Sunday, October 29, 2006

A New Name

John 21:20 “The disciple whom Jesus loved....”

Six times in the Gospel According to John, the author refers to himself as “the disciple whom Jesus loved.” Near as I can tell, John never once identifies himself by name in the gospel. In a very real way John had given up his own life, as John, a fisherman, a son of Zebedee; to live as the beloved disciple. His earthly identity, the person he was before he met Jesus, no longer described and defined him. John chose to be known not for who he was nor what he did, but for Who loved Him. The fact that Jesus loved him came to be the totality of his identification. It was his new identity in Christ. This may be what Jesus had in mind when He spoke about losing one’s life - ....(Matthew 10:39) He that finds his life shall lose it: and he that loses his life for my sake shall find it.
John was a fisherman, in business with his brother and father. When he became a disciple of Jesus, he went on to record the gospel account with his name and author four other books in the New Testament. The last of these books was the result of the vision, given John, of the time of Jesus’ return to earth as conquering king. He went from one of a thousand working men, living in a corner of the globe, to a man who served and taught millions of the love which he experienced himself.
His life, which he lost for the sake of Jesus, was like a million other lives lived out every year on this earth. The life he gained as the disciple whom Jesus loved, was one only the Lord of all life could envision and provide.
John did not hold onto the designation and role given him by the world. His time with Jesus so changed him that the only appropriate name he could use was a description of the relationship God had with him.
He was the disciple whom Jesus loved. That was enough for John.

A Lesson in Love

John 14:13 ‘For the prince of this world is coming. He has no hold on me, but the world must learn that I love the Father and that I do exactly what my Father has commanded me.”

In the midst of His discourse at the Last Supper, Jesus says the world must learn is that He loves the Father. The lesson to be learned from what went before and what is soon to come on Calvary, is all about love. But this lesson in love does not involve humans at all; it involves the Triune God. The whole world has to, must, needs to - see and understand that Jesus’ life and death, lived out before their eyes is a demonstration of love within the Godhead. This love, that is in the trinity, must have and outlet, as all love must. Because of that, Jesus brings action to demonstrate His love. Marvelous in is power and creativity is this love that, through Jesus’s redeeming death, it brings children to life.
We are born into God’s family because of the redeeming love of God the Son for God the Father. As with natural birth, the new child has no part in the giving of life. Life is given to the child; so with the new life, we are all born of love without any action or instigation from us. Because Jesus loved the Father, He went through with the planned sacrifice that would give new life to all who were dead in sin. We were born anew, because of love. Jesus wants us to learn how great the love is in the Godhead, how He loves the Father. It is a creative, redeeming love and we are the recipients of the overflow of this love, but the primary object of the love is the Father.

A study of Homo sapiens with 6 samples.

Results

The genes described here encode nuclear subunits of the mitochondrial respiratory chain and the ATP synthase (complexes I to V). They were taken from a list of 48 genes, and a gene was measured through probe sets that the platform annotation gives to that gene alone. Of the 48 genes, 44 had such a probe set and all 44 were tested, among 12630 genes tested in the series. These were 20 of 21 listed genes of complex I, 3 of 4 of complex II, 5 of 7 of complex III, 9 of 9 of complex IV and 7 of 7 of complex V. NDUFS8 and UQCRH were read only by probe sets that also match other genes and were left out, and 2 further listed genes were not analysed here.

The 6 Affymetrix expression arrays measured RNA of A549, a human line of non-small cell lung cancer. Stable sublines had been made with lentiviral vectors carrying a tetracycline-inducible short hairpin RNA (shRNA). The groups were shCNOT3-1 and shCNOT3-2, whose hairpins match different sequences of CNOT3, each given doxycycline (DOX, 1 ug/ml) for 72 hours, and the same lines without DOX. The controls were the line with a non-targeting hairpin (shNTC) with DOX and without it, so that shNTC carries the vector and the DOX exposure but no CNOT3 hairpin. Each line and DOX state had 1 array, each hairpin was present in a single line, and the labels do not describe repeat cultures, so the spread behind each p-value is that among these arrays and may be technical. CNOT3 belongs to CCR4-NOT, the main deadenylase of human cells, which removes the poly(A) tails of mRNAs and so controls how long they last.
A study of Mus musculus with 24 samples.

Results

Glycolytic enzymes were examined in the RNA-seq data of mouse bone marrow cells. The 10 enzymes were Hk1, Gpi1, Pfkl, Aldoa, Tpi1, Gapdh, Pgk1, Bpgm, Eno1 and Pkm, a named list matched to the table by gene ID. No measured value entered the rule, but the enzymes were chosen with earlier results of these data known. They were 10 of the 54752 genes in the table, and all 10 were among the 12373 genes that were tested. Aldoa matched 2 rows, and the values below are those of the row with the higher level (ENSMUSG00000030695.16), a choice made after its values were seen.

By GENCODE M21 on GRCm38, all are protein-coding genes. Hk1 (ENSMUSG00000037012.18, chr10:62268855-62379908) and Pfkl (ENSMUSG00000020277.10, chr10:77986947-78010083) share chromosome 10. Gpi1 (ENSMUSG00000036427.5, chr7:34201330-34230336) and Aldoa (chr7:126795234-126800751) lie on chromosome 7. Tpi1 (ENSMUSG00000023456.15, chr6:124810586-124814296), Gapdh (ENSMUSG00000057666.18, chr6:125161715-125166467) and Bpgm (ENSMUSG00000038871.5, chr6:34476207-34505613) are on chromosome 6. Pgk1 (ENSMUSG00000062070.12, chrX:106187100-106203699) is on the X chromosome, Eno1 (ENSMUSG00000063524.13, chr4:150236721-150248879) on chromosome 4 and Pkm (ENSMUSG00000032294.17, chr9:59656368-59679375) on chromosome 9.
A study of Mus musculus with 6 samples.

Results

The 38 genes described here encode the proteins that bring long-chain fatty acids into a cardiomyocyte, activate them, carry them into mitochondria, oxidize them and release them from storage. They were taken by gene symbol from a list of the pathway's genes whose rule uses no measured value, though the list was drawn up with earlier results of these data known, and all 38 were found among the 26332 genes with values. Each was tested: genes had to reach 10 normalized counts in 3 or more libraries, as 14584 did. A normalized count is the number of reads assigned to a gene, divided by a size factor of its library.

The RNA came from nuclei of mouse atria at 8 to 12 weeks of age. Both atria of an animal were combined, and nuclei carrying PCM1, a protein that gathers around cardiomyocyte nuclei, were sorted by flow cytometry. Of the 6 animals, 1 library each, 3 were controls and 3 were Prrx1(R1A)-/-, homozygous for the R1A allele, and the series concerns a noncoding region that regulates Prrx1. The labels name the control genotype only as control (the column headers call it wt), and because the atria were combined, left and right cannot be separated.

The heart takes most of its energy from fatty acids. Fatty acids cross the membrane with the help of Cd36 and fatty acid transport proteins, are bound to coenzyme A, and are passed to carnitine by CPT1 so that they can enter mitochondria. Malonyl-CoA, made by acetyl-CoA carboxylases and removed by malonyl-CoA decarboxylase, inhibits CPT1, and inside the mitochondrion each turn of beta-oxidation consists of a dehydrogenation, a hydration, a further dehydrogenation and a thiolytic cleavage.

We are a gift of love from the Son to the Father.

Those in the know

John 2:1,7-10 "On the third day there was a wedding in Cana of Galille...Jesus said to them 'Fill the waterpots with water.' So they filled them up to the brim. And He said to them, 'Draw some out now and take it to the headwaiter." So they took it to him. When the headwaiter tasted the water which had become wine, and did not know where it came from (but the servants who had drawn the water knew), the head waiter called the bridergroom and said to him, 'Every man serves the good wine first...but you have kept the good wine until now.' "

The servants were the first to know of the mysterious happenings. There were even used in the working of this, the first of Jesus' miracles. Obedience, availability and willingness all came together - not money, status, opinion for these who were eyewitnesses to a great event. Servants of God are there for His bidding and these ones got a close view of the Lord at work. What great leader of our time would chose household slaves to be co-workers with him? Generally, we all look for ambitious, motivated, well-dressed, self assured people to carry out plans. Someone who looks like us, who thinks like us, who reflects our views and status. But those who stand afar, looking to have the world notice them are not the type chosen by Jesus. He simply asked the servants, those quiet people waiting to do the service required of them, for help. They were not looking to be in on something big. They were simply doing the job they had been given. They were not the beautiful people of the day. They would never be the beautiful people. However, they were known to the Creator of the Universe and Saviour of Humanity. Fame or service; If the world acclaims you as important, but you miss the miracle of God, what have you really gained? Fifteen minutes of fame in exchange for the price of working with God?